Peabody Fossil Hunter

Saturday, July 2

In Uncategorized on July 8, 2011 at 3:03 am

Since 2005, the Yale Peabody Museum’s Division of Vertebrate Paleontology has sent expeditions to North Dakota and Montana to prospect and collect fossils from the end of the “Age of Dinosaurs” and the beginning of the “Age of Mammals.”

This year, the fossil hunters are a group of professors and students from Yale University’s departments of Geology and Anthropology. Professor Eric Sargis is Curator of Vertebrate Paleontology at the Peabody Museum. Graduate students include Jessamy Doman (Anthropology), Stephen Chester (Anthropology), and Tyler Lyson (Geology and Geophysics), who is also founder of the Marmarth Research Foundation. Undergraduates Greg Mittl (Anthropology 2012), and Rae Ellen Bichell (Anthropology 2012), who manages this blog. Natasha Vitek (Yale Geology and Geophysics 2011) will be starting graduate work in paleontology at UT Austin this fall. Photo credits go to Matt Raudabaugh, Broadway sound engineer/vertebrate paleo volunteer.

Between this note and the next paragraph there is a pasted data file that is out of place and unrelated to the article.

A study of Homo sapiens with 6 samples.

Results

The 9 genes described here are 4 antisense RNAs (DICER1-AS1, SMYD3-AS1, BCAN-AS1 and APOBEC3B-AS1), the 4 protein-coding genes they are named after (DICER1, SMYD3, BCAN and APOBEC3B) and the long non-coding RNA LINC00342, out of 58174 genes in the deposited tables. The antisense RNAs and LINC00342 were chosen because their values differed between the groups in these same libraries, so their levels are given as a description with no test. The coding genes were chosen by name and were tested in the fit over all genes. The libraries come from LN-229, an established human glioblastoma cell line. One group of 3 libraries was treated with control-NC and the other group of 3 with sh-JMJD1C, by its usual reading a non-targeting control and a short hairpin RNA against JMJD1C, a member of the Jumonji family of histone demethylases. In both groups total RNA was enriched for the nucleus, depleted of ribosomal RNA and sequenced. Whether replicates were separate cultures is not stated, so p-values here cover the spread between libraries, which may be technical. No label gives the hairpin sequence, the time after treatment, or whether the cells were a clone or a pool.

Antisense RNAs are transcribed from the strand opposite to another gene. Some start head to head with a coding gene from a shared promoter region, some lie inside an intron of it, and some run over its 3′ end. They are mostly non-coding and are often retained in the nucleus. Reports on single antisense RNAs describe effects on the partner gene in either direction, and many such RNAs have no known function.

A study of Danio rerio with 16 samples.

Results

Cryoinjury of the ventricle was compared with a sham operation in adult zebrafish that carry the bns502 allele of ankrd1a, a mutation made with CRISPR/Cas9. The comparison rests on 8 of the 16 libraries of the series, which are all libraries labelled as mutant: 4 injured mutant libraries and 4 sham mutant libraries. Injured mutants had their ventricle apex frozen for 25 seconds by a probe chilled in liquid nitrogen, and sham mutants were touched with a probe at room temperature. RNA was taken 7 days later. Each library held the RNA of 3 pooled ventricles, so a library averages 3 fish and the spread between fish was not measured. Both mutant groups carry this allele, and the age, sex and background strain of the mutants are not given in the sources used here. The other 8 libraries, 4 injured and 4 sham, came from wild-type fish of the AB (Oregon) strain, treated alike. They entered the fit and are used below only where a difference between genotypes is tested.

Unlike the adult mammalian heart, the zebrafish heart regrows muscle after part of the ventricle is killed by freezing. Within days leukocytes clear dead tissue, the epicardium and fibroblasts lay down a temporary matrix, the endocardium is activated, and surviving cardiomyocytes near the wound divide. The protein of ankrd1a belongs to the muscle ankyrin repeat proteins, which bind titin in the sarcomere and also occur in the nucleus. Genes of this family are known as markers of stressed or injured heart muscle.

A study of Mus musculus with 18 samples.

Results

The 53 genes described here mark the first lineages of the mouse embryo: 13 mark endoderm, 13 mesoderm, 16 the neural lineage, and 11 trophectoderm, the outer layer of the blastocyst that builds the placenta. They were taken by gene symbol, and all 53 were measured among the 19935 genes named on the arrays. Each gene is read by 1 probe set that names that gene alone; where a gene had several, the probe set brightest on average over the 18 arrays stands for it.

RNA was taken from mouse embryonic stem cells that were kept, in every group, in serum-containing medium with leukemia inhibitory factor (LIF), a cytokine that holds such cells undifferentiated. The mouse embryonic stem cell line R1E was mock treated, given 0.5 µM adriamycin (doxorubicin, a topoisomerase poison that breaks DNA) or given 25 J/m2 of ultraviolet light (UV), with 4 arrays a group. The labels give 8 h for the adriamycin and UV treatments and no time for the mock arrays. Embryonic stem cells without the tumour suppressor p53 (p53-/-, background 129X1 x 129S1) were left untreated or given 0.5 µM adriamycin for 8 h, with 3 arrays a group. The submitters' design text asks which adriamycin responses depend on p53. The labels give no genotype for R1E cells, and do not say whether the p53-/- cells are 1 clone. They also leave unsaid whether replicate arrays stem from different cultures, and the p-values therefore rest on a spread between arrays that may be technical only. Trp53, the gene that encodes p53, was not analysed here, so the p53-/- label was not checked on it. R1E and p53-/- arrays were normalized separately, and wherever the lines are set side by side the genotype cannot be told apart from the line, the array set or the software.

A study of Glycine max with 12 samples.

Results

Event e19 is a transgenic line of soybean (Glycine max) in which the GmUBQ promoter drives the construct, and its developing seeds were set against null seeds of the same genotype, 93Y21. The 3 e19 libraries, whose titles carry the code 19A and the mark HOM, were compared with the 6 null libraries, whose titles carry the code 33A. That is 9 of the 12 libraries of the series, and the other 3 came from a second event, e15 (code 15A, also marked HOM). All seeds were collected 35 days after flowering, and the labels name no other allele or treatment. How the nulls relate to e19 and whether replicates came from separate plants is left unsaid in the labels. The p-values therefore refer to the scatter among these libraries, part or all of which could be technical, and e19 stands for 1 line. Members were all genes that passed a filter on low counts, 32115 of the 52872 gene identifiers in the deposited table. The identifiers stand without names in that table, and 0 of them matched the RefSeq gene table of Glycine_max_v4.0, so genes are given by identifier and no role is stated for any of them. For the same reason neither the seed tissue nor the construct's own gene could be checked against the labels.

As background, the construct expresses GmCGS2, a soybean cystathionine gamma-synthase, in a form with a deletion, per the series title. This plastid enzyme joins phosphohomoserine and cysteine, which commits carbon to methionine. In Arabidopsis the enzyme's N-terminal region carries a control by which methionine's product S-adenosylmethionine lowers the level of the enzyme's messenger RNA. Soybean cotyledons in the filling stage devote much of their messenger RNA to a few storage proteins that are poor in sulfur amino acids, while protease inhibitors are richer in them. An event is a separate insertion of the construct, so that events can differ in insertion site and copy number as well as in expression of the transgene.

In the next two weeks, we will be searching for fossils in the Badlands of North Dakota—a vast expanse of buttes and scrub desert that happens to hold some of the best-preserved fossils from our period of interest, the Cretaceous-Tertiary (K-T) boundary.

Sixty-five million years ago, a meteorite smashed into the earth near the Yucatan Peninsula in Mexico. The event was catastrophic, and is frequently credited with the mass extinction of non-avian dinosaurs. It marks the end of the Cretaceous, the age of dinosaurs, but it was also a key moment for mammals.

With the non-avian dinosaurs extinct, many ecological niches became available for the smaller animals. In the ensuing Paleocene epoch, mammals underwent a radiation that resulted in many more species. Over the course of the Tertiary period, the subtropical forests here turned to its present prairie grasslands, as mammals radiated and grew in size to those that roamed the region during the most recent Ice Age 2.6 million years ago.

Our understanding of the changes mammals underwent after the asteroid impact is complicated by a few factors. For one, locations with preserved K-T boundary mammal fossils are rare. Also, most of these early mammals were about the size of mice, which makes collecting their remains in the badlands somewhat like searching for needles in a haystack.

Although we’re particularly interested in early mammals, we’ll also collect other specimens we come across including turtles, fish, and dinosaurs. Many of the specimens will go back to Yale’s Peabody Museum of Natural History in New Haven, Connecticut, where most of us work or study.